One of England’s first hospital housekeepers has vowed to keep on working for the NHS after celebrating her 70th birthday.
Jeanette Robinson became only the third hospital housekeeper at Hull Royal Infirmary when the trust introduced the vital role in November 2001.
Now, after celebrating her 70th birthday in the same year as the NHS marked the milestone in its history, Jeanette insists she’s staying on Ward 12 at Hull Royal Infirmary.
She said: “My family always ask me when I’m going to cut my hours back but I tell them I’ll do it when I’m ready and I’m not ready yet.
“It’s the best job I’ve ever had and I couldn’t be in a happier environment. We’re a great team and this is the job if people are looking for something that can make a real difference to patients.”
Clinical Support Worker Lesley Gorcik, who has worked with Jeanette for 13 years, said: “She is just the most helpful person you will ever meet. She goes out of her way to help people and it’s always above and beyond.
“She’s so cheerful every time she comes on the ward. The patients absolutely love her.
“She helps all our volunteers and is such a help to us all. She’s a credit to the ward.”
The NHS Plan recommended the introduction of ward housekeepers in 2000 and the Labour Government of the day, under Prime Minister Tony Blair, advocated the introduction of the role in at least half of England’s hospitals by 2004.
Hull was chosen by the Department of Health as one of three reference sites in the country after the successful launch of housekeepers.
House-keepers focus on food, cleaning and maintenance to ensure basics of care are in place for every patient, freeing up nursing staff to provide essential patient care.
Evaluation studies have found that the introduction of housekeepers means nurses and health care assistants have more time with patients, improving morale and job satisfaction among the nursing workforce.
Jeanette, who has three children, joined the NHS 46 years ago, working as a domestic based mainly in the surgical block at Castle Hill Hospital.
She was asked to take on the responsibility of domestic supervisor and remembers heading out on “mop runs” at 5am, collecting dirty mops from Hedon Road Maternity Hospital, Kingston General and Hull Royal Infirmary and collecting fresh ones from Princess Royal Hospital.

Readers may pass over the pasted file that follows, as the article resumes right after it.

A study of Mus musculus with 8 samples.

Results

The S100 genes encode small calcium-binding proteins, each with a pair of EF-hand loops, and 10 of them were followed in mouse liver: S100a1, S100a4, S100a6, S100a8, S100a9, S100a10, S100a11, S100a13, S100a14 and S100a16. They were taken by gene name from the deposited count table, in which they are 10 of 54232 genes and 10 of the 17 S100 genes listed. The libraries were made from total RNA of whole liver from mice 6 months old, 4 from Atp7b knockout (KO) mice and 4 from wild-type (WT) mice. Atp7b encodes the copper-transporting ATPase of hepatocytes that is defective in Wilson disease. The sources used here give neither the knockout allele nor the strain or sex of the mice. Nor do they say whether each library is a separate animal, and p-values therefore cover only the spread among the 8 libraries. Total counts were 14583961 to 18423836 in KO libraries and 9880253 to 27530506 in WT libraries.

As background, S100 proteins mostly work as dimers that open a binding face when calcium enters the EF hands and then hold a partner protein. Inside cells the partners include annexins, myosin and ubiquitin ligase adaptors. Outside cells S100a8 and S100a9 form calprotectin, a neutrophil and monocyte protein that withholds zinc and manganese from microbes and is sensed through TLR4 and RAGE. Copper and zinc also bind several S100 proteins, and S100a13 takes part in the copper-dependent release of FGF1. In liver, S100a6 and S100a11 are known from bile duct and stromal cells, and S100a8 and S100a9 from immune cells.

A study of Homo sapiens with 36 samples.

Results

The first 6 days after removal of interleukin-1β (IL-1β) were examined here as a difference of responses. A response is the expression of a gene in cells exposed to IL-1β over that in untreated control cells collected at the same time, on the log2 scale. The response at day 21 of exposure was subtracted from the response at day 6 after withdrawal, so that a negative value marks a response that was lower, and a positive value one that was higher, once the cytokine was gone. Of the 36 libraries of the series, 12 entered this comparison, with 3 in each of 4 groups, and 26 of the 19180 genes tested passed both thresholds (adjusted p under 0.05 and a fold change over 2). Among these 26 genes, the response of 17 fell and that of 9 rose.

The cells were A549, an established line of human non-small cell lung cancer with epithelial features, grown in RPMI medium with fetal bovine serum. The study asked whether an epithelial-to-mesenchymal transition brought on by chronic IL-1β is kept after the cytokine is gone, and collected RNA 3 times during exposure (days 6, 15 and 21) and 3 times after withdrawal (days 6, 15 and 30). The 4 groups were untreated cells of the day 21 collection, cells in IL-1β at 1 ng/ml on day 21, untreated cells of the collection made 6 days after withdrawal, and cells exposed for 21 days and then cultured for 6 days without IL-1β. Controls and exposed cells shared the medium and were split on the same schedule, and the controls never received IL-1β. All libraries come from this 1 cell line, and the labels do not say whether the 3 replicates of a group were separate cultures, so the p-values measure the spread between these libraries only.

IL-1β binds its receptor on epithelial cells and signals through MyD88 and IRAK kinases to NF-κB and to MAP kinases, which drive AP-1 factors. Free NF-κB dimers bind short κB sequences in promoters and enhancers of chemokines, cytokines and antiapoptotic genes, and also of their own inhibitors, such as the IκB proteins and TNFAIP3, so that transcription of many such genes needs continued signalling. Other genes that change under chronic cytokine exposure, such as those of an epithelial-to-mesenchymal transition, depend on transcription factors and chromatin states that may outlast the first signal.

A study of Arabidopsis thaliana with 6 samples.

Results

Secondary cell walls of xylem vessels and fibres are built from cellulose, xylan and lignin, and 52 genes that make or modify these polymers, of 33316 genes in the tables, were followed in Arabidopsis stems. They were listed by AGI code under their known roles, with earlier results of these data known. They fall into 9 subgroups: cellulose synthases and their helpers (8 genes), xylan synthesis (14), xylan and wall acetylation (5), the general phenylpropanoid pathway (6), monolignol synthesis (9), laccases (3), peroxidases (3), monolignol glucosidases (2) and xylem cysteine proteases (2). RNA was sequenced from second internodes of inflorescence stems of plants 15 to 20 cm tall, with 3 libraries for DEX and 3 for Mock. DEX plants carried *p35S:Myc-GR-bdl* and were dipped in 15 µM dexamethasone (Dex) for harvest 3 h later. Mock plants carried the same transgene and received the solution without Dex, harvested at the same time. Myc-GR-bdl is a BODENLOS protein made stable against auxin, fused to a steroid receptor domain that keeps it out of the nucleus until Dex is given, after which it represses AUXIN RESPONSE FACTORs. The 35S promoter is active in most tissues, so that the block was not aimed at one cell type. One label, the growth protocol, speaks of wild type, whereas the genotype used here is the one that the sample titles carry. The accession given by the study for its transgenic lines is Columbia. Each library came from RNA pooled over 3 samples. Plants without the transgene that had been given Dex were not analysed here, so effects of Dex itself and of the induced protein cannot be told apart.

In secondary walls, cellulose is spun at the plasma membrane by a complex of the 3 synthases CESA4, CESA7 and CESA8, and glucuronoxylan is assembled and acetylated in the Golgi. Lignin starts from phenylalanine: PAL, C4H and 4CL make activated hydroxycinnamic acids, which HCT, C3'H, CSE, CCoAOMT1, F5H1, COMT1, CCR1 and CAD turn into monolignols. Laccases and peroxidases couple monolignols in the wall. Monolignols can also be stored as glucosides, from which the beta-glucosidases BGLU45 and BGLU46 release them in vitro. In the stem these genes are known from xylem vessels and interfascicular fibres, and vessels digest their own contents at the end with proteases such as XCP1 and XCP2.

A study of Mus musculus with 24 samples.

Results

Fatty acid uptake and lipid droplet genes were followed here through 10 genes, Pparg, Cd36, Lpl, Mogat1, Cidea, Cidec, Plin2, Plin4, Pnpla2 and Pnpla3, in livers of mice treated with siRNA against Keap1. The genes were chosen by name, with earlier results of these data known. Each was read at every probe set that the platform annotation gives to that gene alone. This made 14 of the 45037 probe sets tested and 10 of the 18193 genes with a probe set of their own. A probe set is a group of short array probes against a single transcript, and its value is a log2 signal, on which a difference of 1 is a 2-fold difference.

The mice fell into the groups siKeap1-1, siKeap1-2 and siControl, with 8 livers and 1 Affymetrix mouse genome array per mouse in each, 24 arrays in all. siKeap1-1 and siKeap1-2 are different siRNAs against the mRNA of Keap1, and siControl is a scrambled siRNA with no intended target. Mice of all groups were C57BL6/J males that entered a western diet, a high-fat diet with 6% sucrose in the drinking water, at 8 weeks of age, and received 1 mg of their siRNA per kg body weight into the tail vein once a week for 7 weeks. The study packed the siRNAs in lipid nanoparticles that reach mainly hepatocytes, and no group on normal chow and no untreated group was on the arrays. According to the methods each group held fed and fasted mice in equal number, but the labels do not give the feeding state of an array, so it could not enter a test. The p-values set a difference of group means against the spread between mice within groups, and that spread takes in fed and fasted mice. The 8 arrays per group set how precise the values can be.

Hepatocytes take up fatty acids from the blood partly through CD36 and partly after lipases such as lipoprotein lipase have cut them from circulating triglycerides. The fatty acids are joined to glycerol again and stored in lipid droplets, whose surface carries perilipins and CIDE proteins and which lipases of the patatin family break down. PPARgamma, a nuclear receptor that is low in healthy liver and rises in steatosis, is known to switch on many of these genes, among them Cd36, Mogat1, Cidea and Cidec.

She was then promoted to a manager’s role, where she worked hard balancing her new responsibilities alongside her desire to keep working alongside her team on the ground.
“I’m a people person and although I got a lot of support from the people around me, it was the loneliest job for me because I was in an office and not out with people,” she said.
“I was working very long hours and not seeing my family and I decided it was time for me to step down.”
When hospital bosses heard Jeanette was thinking about leaving her role, they lined up an interview for Jeanette in one of the new housekeeper roles. She was immediately offered the job and started a fortnight later.
She worked on the orthopaedics ward originally on Ward 9 in the tower block, although the 28-bedded unit was moved to Ward 12 around three years ago, still caring for patients suffering major trauma injuries or with orthopaedic conditions.
Starting at 7am each morning, Jeanette checks in with patients at the start of each shift, ensuring everyone has fresh, iced water by their beds and making sure they have had a comfortable night.
She then takes round toast while catering staff offer patients cereal, making sure the ward is shipshape and patients have everything they need.
She goes round with hot drinks and milk shakes, cakes and biscuits twice a day to make sure patients who require extra calories to rebuild their strength have all they need.
Working alongside nursing staff and the ward clerk, Jeanette helps to ensure the ward runs as smoothly as possible, with patients’ care plans, paperwork and cleaning tasks carried out and in place.
Jeanette said: “It’s a great job and different parts have been added over the years but all for the better. It all works together to make sure the ward runs like it’s supposed to run.
“We’ve got a fantastic team here, from the matron and consultants down to the domestics, and there isn’t one person I could say I couldn’t work with.
“I never get fed-up helping people and I know in this job you can make a difference to someone else.”